One of the most impressive waterfalls to see in Iceland is Gullfoss, no doubt. Found in Iceland’s southwestern region, and marking the endpoint of an area known as The Golden Circle, Gullfoss is definitely worth making at least an hour or so stop at this cascade.
Fed by the Hivítá river, these waters plunge into a crevice that is more than 100 feet deep. To me, the closest comparison would be Niagara Falls, as this Icelandic wonder also produces a mist and spray. For viewing, you can venture along Gullfoss via a pathway with a guardrail to get different angles. A second area for getting a closer viewpoint is on a rocky platform that you have to step up to get on top.
What’s also interesting about this place is that it almost didn’t last in its true form. Its present existence is thanks to a woman named Sigríour Tómasdóttir, who fought her father (who owned the area around the falls) and the Icelandic government against building a hydraulic dam from being built in the 1920s. Though permission was given to construct the dam, the plans never went into place because of public outcry and later on Gullfoss became a protected reserve. You can learn more about the story through a plaque as well as see a statue in her memory.
Up the road from Gullfoss, you’ll find the Geysir geothermal area, an arrangement of bubbling hot springs. This area of blowholes gets pretty hot as the underground temperatures can reach up to or even over 100 degrees Celsius and force boiling water to gurgle over.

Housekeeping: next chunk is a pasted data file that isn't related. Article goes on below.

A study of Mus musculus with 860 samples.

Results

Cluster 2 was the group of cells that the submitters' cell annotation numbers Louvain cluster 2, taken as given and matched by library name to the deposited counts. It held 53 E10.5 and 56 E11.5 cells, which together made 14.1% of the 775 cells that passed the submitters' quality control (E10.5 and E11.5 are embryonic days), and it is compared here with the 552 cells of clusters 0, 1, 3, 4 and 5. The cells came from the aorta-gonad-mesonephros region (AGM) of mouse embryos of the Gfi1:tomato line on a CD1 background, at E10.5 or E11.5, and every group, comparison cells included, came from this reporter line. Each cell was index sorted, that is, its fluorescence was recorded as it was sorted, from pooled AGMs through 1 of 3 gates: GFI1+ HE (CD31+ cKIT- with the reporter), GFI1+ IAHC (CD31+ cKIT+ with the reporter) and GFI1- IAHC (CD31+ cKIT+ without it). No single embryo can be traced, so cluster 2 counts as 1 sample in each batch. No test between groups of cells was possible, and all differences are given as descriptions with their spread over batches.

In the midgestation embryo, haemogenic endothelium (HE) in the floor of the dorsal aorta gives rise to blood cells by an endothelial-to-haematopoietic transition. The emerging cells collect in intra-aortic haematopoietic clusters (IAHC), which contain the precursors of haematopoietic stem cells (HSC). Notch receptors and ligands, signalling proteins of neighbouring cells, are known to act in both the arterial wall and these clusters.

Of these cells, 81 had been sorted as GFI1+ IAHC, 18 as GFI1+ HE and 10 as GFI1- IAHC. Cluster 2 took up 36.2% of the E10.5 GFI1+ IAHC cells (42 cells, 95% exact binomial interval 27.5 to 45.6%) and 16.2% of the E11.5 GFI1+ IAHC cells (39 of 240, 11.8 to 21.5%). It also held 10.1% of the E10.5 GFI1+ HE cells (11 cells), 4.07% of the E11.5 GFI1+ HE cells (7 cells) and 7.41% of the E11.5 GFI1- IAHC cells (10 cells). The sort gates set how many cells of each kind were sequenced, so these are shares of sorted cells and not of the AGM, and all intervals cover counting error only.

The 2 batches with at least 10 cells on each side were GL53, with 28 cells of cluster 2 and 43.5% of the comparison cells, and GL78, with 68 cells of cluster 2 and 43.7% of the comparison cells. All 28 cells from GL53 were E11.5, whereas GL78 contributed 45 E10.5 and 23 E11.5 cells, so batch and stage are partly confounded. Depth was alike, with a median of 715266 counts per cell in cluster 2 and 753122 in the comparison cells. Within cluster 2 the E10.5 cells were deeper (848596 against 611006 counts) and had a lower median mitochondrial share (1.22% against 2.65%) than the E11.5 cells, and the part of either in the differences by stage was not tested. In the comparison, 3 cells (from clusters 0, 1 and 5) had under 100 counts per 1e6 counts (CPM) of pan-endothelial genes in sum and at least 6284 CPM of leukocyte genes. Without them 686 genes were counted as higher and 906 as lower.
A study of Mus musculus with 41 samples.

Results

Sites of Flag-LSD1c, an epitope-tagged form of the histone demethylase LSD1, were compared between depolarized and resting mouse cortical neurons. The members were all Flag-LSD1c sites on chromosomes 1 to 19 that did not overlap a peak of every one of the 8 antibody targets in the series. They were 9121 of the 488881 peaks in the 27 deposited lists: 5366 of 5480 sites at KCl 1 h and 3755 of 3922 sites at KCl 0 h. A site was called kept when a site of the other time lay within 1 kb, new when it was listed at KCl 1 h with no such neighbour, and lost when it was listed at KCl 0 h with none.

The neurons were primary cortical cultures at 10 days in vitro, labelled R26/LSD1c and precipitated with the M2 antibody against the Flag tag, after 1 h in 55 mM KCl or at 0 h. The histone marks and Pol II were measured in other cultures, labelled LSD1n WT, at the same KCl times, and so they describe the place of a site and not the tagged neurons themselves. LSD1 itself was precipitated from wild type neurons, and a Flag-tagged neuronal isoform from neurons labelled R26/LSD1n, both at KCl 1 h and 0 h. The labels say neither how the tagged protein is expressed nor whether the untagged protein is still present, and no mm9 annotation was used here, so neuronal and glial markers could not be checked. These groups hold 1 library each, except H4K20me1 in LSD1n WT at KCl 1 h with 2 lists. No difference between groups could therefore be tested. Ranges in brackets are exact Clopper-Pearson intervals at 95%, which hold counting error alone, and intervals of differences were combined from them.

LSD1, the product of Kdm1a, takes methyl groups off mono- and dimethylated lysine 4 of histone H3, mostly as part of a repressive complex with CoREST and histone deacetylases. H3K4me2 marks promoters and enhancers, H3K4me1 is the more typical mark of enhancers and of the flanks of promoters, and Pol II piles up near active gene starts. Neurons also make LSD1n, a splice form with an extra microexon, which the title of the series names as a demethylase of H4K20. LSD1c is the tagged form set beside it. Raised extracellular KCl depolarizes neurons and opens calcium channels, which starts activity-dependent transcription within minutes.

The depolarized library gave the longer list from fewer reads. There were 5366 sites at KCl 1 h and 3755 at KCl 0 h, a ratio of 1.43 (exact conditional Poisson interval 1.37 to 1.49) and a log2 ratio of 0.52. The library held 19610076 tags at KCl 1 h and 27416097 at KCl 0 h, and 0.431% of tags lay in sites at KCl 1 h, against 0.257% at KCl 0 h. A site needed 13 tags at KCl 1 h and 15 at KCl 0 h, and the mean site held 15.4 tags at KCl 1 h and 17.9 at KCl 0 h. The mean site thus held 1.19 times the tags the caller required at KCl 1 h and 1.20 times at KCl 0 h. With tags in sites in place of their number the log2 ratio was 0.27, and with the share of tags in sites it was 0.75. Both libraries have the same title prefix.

Being the most memorable to see, Strokkur spouts up like a fountain consistently about every 10 or so minutes. Less active ones here include Blesi, a set of twin bluish pools; Fata, which seems a bit temperamental; and Litli Geyser, a petite slosher.
Thingvellir National Park
While still in the Golden Circle, one important place to visit is Thingvellir National Park, a primary site of Iceland’s geological and historical inheritance. After first being under Norwegian rule and then the Danish crown, the country’s chieftains gathered here in the summertime for two weeks to hold court on making legal decisions for decades until the early 18th century.
Yet, the park still remains an important fixture in Iceland’s history. Its people gathered to hear their country’s declaration of independence from Denmark and becoming a republic in late 1944. History aside, definitely explore the park as well.